The official student newspaper of Vanderbilt University

The Vanderbilt Hustler

The official student newspaper of Vanderbilt University.
Since 1888
The official student newspaper of Vanderbilt University

The Vanderbilt Hustler

The official student newspaper of Vanderbilt University.
The official student newspaper of Vanderbilt University

The Vanderbilt Hustler

The official student newspaper of Vanderbilt University.

Vanderbilt responds to national admissions scandal, claiming equitable admissions process for athletes

Athlete admission process has clear channel, high standards

Following recent college admissions fraud scandal which gave unfair admissions advantage to children of affluent and prominent families, many top-tier schools are now being scrutinized for their admissions process. Notably, in some cases, schools were found to have admitted students through athletic channels despite students not being athletes. While many of the country’s top universities were affected, Vanderbilt appears to not have been involved, according to university officials.

“We have a process here where no single person, including me, can make an admit decision on their own. That protects us and protects the student,”  said Doug Christiansen, Vanderbilt Vice Provost for University Enrollment Affairs and Dean of Admissions and Financial Aid.

The student athlete recruitment process prohibits coaches from contacting the Office of Undergraduate Admissions (OUA) regarding a prospective student-athlete’s (PSA) admission status, according to Candice Storey Lee, Associate Vice Chancellor for University Affairs and Deputy Athletics Director.

According to Lee, if a coach wants to recommend a prospective student-athlete for admission to Vanderbilt, a preliminary application process is formally initiated by the Athletics Compliance Office. The Athletics Compliance Office sends the PSA’s academic file to the OUA for review and is later notified of OUA’s feedback regarding preliminary admission status. If a PSA’s file is supported for admission, they must still submit an application to Vanderbilt. The approved pre-app will be added to the application to be reviewed along with the typical application pieces that all other students submit for evaluation.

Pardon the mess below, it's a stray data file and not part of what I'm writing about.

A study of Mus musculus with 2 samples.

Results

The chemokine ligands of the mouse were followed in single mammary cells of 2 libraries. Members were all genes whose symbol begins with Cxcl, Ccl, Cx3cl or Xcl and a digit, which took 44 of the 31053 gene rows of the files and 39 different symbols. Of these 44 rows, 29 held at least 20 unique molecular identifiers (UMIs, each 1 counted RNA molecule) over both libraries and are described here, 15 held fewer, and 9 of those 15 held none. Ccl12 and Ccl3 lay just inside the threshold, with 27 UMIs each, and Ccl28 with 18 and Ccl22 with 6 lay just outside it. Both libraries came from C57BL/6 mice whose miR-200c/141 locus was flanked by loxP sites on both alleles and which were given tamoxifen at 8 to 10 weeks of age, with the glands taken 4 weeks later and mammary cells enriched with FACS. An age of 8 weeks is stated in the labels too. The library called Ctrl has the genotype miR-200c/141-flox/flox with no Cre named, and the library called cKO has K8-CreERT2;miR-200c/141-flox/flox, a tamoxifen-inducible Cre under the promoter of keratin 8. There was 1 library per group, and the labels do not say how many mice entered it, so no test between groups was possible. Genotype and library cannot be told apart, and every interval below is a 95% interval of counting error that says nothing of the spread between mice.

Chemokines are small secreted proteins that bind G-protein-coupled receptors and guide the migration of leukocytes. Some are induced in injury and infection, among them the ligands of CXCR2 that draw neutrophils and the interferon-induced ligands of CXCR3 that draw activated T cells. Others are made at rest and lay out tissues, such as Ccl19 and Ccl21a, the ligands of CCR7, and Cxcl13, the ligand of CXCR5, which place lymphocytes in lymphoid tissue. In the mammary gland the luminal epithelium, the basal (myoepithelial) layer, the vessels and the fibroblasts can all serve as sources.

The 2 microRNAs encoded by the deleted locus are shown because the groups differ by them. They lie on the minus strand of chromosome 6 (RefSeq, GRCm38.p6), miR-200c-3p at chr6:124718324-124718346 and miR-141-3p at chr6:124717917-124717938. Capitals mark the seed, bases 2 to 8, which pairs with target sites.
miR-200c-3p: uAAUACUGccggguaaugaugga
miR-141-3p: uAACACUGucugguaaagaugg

In addition, Vanderbilt’s recruitment process also includes an internal review process by the Athletics Department Administration which includes an analysis of the PSA’s transcript, biographical information, a social media review, and letters of recommendation from non-athletic officials that describe the applicant’s character, according to Lee. Coaches and administrators must affirm their support for the PSA to be considered.

“All communication with OUA regarding prospective student-athletes is required to go through either the Athletics Compliance Office or senior athletic staff (i.e. Vice Chancellor/Athletics Director or Associate Vice Chancellor/Deputy Athletic Director),” said Lee in an email. The multiple levels of scrutiny prevent any dishonest influence from touching the admissions process.

For many students, the investigation’s findings elicited school pride and highlighted Vanderbilt’s legacy of excellence and integrity. Third-year Paige Hamilton, a student athlete and member of Honor Council, noted that the privilege of being part of the Vanderbilt community cannot be bought. She also expressed pride in the athletic department.  

“Uncompromising admission standards despite these scandals speak volumes to the honor and esteem held by our athletic department, and thus the entire university,” Hamilton said.   

First-year Delaney Caldwell said she is not surprised that Vanderbilt’s admissions process blocked fraud. She characterized the Vanderbilt community as one of high achievement and mutual trust where everyone has earned their spot.

According to Christiansen, other schools have already reached out to learn from Vanderbilt how they can improve their admissions processes. But the positive publicity doesn’t mean the administration is content with simply keeping current measures as they are.

“It would be foolish for us now to not notice that we need to continue to heighten our game and fight against [fraud],” Christiansen said. “We are going to have to do double duty to be in front of the criminal.”